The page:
A Ryanair flight lands at Dublin Airport. Paul Faith/AFP/Getty Images

Ryanair has confirmed that it will recognise the British Airline Pilots' Association (Balpa) as the representative of all the airline's 600 pilots based in the UK.

The move marks a milestone for the Irish budget carrier, which has steadfastly refused to recognise unions in Britain before now. It has been under no legal obligation to recognise them.

The Irish carrier revealed in December that it was prepared to recognise pilot unions in some of its European bases as it sought to avoid strikes that could have wrecked its Christmas schedule.

Michael O'Leary, the airline's chief executive, said that decision had been taken to ensure that flights over the festive period would go ahead as planned after pilots in the UK, Germany, Italy, Spain and Portugal had threatened walkouts.

Eddie Wilson, Ryanair's chief people office, said that the agreement with Balpa, which was announced on Tuesday (30 January), highlighted the airline's commitment to working with the union to preserve pilots' and customers' interests.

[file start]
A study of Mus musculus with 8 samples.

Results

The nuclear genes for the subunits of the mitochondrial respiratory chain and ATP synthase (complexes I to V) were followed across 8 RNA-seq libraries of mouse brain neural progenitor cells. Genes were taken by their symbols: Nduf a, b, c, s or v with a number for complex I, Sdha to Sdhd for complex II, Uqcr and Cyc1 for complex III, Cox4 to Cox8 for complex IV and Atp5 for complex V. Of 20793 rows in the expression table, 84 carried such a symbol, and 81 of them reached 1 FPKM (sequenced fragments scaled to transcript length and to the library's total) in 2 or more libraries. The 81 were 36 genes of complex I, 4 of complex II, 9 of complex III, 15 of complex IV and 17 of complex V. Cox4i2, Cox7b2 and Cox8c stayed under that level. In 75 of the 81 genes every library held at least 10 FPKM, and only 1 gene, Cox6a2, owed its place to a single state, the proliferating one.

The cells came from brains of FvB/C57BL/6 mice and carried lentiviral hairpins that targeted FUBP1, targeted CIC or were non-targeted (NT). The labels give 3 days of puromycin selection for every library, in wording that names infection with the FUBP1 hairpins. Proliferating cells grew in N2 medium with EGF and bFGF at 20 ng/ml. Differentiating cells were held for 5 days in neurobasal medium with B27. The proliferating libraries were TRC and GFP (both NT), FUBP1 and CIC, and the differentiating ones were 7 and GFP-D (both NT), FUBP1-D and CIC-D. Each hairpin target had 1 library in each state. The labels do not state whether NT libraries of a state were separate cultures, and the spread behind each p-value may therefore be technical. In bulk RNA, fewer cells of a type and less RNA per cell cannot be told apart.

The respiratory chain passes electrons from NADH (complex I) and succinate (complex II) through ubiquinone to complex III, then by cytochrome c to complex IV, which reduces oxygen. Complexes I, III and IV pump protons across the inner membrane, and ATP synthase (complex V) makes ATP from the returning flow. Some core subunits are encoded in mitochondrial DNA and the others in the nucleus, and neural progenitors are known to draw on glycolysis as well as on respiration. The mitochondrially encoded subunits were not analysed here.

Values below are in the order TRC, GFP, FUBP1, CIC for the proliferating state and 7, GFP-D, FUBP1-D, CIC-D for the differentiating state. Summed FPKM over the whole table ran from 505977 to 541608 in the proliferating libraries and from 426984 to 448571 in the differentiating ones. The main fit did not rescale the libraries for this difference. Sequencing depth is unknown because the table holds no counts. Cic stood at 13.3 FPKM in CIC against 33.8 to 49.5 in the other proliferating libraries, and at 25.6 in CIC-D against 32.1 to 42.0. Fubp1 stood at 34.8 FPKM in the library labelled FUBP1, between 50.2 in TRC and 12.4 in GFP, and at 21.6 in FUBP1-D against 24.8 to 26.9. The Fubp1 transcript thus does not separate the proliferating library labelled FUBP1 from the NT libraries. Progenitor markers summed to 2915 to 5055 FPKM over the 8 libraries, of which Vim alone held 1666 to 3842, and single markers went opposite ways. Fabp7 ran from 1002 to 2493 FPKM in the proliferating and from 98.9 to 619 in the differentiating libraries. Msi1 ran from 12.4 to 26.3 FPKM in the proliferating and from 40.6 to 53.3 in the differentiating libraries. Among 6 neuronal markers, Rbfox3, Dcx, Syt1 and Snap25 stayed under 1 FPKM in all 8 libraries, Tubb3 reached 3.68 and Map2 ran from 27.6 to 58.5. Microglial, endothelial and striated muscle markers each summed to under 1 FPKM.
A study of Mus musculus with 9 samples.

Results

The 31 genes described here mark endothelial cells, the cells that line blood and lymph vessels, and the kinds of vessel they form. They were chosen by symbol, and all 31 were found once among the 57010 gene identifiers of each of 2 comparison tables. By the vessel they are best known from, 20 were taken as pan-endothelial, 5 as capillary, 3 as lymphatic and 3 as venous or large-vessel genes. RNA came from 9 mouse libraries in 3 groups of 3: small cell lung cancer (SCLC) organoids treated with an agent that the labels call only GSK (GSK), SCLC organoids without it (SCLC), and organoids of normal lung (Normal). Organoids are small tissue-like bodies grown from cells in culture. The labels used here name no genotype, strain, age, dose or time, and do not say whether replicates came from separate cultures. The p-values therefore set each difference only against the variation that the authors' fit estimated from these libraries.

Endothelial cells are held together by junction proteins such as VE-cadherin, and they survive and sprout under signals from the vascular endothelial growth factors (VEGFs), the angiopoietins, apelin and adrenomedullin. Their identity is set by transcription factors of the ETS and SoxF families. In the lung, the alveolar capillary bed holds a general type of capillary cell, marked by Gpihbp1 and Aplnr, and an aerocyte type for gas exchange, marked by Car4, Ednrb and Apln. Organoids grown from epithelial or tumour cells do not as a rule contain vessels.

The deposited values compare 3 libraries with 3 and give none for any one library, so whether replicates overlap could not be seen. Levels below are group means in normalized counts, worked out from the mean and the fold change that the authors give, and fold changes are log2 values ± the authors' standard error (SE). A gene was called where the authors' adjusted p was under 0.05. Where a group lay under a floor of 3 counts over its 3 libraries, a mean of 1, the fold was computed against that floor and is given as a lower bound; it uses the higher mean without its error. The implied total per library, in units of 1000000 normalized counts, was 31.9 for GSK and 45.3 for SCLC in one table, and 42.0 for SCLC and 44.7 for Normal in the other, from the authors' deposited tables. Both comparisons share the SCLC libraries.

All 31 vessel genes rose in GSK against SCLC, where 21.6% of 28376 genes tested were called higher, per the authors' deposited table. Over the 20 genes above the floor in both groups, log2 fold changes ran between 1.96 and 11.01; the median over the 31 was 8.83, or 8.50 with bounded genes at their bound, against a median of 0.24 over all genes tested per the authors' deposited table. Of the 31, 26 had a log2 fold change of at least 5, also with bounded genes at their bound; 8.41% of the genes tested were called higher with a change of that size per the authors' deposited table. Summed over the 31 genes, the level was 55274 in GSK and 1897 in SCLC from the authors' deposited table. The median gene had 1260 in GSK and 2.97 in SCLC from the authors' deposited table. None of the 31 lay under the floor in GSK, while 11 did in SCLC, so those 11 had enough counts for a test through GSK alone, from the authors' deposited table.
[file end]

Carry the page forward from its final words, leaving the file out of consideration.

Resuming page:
"This agreement validates the decision of Ryanair's board in December to recognise unions," he said in a statement.

"[It] shows how serious Ryanair is about working constructively with unions that are willing to work constructively with us.

"Today's agreement between Ryanair and Balpa shows that Ryanair can work with unions that wish to work with us to promote the interests of both our pilots and our customers."

Brian Strutton, the union's general secretary, said: "I want to pay tribute to the Ryanair pilots who have themselves brought about this change in attitude from Ryanair management.

"I also want to thank Ryanair management for their professional attitude throughout this short process.

"While we were initially sceptical about Ryanair's sincerity in offering recognition to us and other unions, our conversations and meetings with them have shown that they are genuine in wanting a constructive trade union relationship."

In September, the Dublin-based airline was forced to cancel approximately 20,000 winter flights because of staffing problems. Some 700,000 passengers were affected.

The issue stemmed from its decision to reschedule its staff holiday year to run from January to December. That left to big gaps in the pilots' roster.

The blunder cost the airline €25m (£22m) in compensation costs and forced it to hike pilots' salaries. The airline claims they are now 20% higher than those offered by its rival Norwegian.

The new wage structure, however, will result in a €100m increase in costs this year for the airline, which has recruited 900 pilots so far this year.